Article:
Ed Kilgore made a good point over at the Political Animal blog, More Pain For Economic Victims. In it, he talked about the widely reported William Dickens and Rand Ghayad paper (pdf) that showed that employers would rather hire a less qualified applicant who has been unemployed for a short time than a more qualified applicant who has been unemployed a long time. He noted that this is part of the environment where the people who suffered because of the 2008 financial crisis were widely blamed for it.
You may remember this. Rick Santelli performed a live CNBC rant about how people taking out mortgages they eventually couldn’t afford were the reason for the financial crisis. This, of course, was entirely off base and entirely typical of elite opinion. The way the system is supposed to work is that a poor person goes to the bank and asks for a loan. The bank then decides if the poor person is a good risk. It is not surprising that poor people would ask for loans they can’t afford. It is the bank’s obligation to protect itself by only loaning money that is likely to be repaid. Santelli and his stock broker friends just loved the idea of turning this on its head. Those poor bankers! They were taken advantage of by those thoughtless poor people!
What’s more, we heard not a peep out of Santelli when it came to TARP, the law that paid out hundreds of billions of dollars to banks. It was only when the government decided to spend about a tenth of that with the Homeowners Affordability and Stability Plan that he started ranting. So you can see where the Santelli crowd was coming from. What was surprising was that the Tea Party movement would burst into existence as a result of Santelli’s rant. These were, after all, middle and upper-middle class people whose interests were better represented by the later Occupy Wall Street movement. But no, helped along by Fox News and the Koch Brothers, they were on the streets demanding that government not help individuals. (In fairness, the Tea Party claimed to be against TARP, but almost without exception, they have backed candidates who are against helping individuals and for helping corporations. We can either say that the people in the Tea Party hate regular Americans or they are stupid/ignorant, but we can’t say that they are smart and don’t hate their neighbors.)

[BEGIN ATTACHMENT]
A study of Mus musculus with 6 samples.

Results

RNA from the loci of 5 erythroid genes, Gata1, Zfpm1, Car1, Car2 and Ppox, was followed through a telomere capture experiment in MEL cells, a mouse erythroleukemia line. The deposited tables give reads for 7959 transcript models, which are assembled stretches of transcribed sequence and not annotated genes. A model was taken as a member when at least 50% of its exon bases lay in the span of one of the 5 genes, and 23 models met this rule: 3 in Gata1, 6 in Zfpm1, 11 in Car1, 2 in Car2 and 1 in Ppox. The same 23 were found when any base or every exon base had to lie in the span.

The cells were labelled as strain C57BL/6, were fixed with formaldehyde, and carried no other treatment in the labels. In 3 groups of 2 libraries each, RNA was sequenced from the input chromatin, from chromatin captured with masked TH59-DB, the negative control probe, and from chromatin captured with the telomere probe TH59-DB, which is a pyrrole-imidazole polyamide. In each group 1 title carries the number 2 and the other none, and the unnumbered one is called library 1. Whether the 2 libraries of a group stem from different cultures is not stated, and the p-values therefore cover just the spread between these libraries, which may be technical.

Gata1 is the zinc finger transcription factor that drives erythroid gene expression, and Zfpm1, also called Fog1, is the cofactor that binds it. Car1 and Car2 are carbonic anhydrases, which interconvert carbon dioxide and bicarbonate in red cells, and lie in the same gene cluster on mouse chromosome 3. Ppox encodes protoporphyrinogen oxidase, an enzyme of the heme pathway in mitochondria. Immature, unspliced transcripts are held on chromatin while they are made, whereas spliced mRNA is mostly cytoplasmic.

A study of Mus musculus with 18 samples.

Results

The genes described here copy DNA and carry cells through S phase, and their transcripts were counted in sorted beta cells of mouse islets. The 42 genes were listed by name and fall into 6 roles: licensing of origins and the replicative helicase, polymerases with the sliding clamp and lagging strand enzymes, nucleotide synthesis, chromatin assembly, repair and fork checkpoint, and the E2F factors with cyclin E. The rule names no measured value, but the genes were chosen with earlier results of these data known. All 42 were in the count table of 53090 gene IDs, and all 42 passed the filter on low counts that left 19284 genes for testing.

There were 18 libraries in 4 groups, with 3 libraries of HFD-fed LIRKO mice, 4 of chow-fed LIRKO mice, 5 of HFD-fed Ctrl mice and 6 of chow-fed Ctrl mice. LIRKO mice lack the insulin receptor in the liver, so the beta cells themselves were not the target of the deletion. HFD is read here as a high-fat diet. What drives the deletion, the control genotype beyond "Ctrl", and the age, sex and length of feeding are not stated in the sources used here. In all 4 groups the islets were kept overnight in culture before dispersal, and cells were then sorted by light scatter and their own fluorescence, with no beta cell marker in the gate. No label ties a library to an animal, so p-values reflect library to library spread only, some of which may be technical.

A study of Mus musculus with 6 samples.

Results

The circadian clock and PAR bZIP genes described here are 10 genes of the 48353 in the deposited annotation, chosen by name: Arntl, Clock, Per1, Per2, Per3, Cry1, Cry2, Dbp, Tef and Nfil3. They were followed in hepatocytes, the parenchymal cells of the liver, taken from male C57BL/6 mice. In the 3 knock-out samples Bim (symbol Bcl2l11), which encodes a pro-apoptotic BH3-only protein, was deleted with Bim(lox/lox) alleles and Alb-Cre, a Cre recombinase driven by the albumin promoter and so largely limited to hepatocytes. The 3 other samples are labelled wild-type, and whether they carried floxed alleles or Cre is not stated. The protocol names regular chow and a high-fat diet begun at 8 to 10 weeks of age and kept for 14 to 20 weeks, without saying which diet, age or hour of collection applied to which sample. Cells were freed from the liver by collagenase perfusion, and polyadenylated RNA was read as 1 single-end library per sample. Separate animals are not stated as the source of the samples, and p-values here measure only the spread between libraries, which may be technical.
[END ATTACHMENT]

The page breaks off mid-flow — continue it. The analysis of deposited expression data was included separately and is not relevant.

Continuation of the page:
The outcome of the Tea Party movement has been a more radicalized Republican Party and generally a more conservative and fearful Democratic Party. This despite the fact that the Tea Party never did have any real power. They were just the right flank of the Republican Party—now with a catchy name. And generally it’s meant a much more callous attitude toward those who are struggling in this economy. Perhaps the worst aspect of this has been the focus of Washington on debt over the last three years while ridiculously high levels of unemployment have just been ignored.
Kilgore notes that some of the army of long-term unemployed may eventually be driven to economic crime. But not to worry:
But I don’t totally agree with him. The 20% of Americans who associate themselves with the Tea Party have always been of the philosophy that if you fall down they’ll kick you but if you mess up they’ll jail you. The only question is whether reasonable politicians will continue to fear these vile and hateful conservatives enough to go along.